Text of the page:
Essays about Social Justice
by John Stuart Bonner

One of the most successful negro speculators on the Peninsula in the forties was a man named James Hubbard, who lived upon his own estate near Yorktown, and was accounted one of the wealthiest men in those parts. He was a man of powerful physique and coarse manners. His hair and eyes were intensely black, and his complexion so swarthy that he would have suffered by comparison with many of the human chattels he dealt in.

About the year 1845 James Murder, a young man, last in the male line of one of the old colonial families, died suddenly, leaving his large estate so involved that it was necessary to sell off everything to satisfy his creditors. Among his slaves was a body-servant called "Mack," who was nearly the same age as his deceased master. The two had been reared together from infancy, the slave had enjoyed the same advantages as the master, and through association with the best society of many countries had acquired an ease of manner and fluency of speech which, combined with his handsome person, would have made him an ornament to any circle. There was little negro blood in his veins, and he would have passed as a white man anywhere. He was held in high esteem by all of Murder's friends.

It was therefore determined that in the sale of Murder's slaves Mack should be saved from the hands of the speculators, and a number of gentlemen attended at the court-house in Williamsburg prepared to pay a large price for the young negro. James Hubbard was also there, and he swore an oath that he would have "that nigger" if it cost him his fortune. For Hubbard had a twofold grudge to gratify. Many a time before, the Williamsburg men had prevented him from securing a "bargain"; and he was very bitter against them also because of the social ostracism which his business had brought upon his family. The result was that Mack was knocked down to Hubbard for a price seldom paid for a slave in Virginia. A few days later Hubbard started South with a band of negroes, taking Mack with him as a body-servant.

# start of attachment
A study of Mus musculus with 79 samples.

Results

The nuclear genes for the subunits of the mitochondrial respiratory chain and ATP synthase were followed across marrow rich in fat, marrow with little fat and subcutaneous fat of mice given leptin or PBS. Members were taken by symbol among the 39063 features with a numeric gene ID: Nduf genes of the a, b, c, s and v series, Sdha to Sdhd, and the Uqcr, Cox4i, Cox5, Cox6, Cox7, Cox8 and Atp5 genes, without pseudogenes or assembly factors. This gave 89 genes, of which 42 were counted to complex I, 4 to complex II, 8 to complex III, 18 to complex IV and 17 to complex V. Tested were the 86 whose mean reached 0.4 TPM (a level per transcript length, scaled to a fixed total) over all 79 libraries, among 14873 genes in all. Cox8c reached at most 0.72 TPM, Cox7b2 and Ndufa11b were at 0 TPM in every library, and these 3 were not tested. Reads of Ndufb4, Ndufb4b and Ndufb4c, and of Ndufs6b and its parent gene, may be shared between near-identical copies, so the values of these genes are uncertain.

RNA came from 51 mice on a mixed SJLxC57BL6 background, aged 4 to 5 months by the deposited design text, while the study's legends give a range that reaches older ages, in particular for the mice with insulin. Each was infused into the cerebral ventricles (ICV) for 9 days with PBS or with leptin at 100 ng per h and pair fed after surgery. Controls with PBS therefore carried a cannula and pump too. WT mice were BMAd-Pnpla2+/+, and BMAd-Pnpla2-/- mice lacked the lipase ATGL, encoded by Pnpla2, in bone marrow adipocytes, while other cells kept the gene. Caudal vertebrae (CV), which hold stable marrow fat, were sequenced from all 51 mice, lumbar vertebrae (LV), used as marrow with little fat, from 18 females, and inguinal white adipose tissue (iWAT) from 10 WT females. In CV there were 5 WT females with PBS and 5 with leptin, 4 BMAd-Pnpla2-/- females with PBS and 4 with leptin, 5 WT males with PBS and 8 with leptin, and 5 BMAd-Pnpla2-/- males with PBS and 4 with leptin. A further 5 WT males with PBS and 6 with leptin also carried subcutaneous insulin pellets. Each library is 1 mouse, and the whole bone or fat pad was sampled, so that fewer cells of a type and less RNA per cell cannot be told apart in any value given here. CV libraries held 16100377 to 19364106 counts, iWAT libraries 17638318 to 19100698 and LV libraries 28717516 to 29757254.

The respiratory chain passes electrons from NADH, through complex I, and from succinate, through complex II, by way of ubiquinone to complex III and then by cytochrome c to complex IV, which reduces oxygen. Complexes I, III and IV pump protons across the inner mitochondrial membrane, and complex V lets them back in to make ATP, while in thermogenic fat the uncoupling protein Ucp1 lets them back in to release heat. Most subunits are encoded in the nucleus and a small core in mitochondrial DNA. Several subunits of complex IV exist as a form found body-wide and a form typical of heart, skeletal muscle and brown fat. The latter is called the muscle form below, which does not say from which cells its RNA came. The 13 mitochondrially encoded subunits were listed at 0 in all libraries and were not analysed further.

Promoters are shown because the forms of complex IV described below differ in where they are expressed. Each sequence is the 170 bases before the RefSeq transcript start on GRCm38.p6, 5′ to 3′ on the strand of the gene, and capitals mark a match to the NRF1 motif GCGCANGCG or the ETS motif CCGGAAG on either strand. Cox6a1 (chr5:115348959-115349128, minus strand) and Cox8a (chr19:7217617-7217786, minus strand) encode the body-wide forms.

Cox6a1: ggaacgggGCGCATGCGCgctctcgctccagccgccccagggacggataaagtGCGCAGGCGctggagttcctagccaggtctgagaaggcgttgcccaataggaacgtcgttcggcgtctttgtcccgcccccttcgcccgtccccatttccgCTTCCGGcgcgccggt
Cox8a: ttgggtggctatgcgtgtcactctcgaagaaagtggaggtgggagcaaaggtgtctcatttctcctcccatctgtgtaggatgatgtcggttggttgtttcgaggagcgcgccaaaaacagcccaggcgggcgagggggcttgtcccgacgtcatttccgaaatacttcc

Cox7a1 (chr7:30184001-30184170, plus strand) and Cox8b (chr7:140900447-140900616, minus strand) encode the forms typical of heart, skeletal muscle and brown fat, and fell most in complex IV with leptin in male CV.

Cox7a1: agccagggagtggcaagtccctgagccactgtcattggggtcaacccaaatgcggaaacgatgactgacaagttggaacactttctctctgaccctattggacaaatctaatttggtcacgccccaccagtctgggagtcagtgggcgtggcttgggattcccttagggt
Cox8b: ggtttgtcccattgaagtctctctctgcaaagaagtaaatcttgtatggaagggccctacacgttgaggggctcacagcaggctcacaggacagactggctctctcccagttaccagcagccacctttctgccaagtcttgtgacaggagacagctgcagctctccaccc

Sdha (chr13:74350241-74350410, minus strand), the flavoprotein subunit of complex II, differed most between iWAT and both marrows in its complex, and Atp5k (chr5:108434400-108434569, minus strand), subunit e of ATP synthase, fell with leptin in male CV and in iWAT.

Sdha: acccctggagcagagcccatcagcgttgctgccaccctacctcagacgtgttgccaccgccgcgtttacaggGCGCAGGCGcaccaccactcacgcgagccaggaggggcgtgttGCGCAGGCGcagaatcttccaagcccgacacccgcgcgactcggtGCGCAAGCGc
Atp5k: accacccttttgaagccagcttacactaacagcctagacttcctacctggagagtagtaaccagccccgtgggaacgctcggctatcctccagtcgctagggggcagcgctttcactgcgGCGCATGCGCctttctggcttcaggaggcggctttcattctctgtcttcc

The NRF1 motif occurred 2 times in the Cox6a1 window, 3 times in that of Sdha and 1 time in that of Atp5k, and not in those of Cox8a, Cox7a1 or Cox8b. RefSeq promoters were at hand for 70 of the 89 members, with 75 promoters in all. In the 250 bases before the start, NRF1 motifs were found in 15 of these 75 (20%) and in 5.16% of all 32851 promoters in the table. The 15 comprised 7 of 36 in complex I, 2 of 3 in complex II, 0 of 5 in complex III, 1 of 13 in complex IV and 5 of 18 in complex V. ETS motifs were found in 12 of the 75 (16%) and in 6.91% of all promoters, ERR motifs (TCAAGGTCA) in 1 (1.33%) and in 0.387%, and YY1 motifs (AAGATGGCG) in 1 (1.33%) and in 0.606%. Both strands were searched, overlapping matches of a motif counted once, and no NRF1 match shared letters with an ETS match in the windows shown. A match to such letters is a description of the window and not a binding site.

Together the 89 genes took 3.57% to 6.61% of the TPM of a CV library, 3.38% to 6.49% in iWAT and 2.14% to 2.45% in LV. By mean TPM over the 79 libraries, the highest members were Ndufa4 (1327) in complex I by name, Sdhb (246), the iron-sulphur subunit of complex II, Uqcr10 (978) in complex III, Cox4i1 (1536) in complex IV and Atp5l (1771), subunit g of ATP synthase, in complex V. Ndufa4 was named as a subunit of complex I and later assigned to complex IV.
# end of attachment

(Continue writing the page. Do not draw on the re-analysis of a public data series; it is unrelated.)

On their arrival at New Orleans Hubbard soon disposed of his negroes to good advantage, but, either because he could not find a buyer at the high figure he had paid or because he had taken a fancy to him, he retained Mack in his personal service. Mack had some money of his own, and, as a matter of pride as well as business, Hubbard dressed him like a gentleman, and also allowed him much liberty.

Keeping carefully out of his master's way, Mack frequented the various fashionable saloons and gaming houses, where he easily passed as a Virginia planter, and contrived to form a considerable acquaintance among the fast set of the day. He was walking the street one evening with one of these acquaintances, when his master passed by on the opposite side. "See that boy over there?" said he, carelessly, indicating Hubbard. "I brought him down here with me, but he's got so independent that I've got to sell him."

"What will you take for him?"

"Why, he ought to bring me fifteen hundred quick, but I'll take a thousand if it can be arranged quietly."

In less than twenty-four hours they had come to terms, and Hubbard was sold by his own slave. The papers were regularly made out and transferred, and the money paid over, Mack only stipulating that the buyer should take his property quietly.

When Hubbard was seized, of course there was trouble. He fought like a wildcat, but was finally overpowered and taken from the fashionable hotel where he was staying, amid the jeers of his quondam friends. He appealed to the law; but not until three well-known citizens of Williamsburg, properly fortified with papers of identification from the authorities, made the long trip to New Orleans was he released. The trial cost him thousands of dollars, and consumed a great deal of time. Meanwhile Mack, well supplied with money by the sale, had got beyond pursuit. Large rewards were offered for his apprehension, and the best detectives were employed, but without avail. He was never traced beyond the wharf where he took passage for the North. He is supposed, however, to have gone to France, where he had lived during his former master's student days.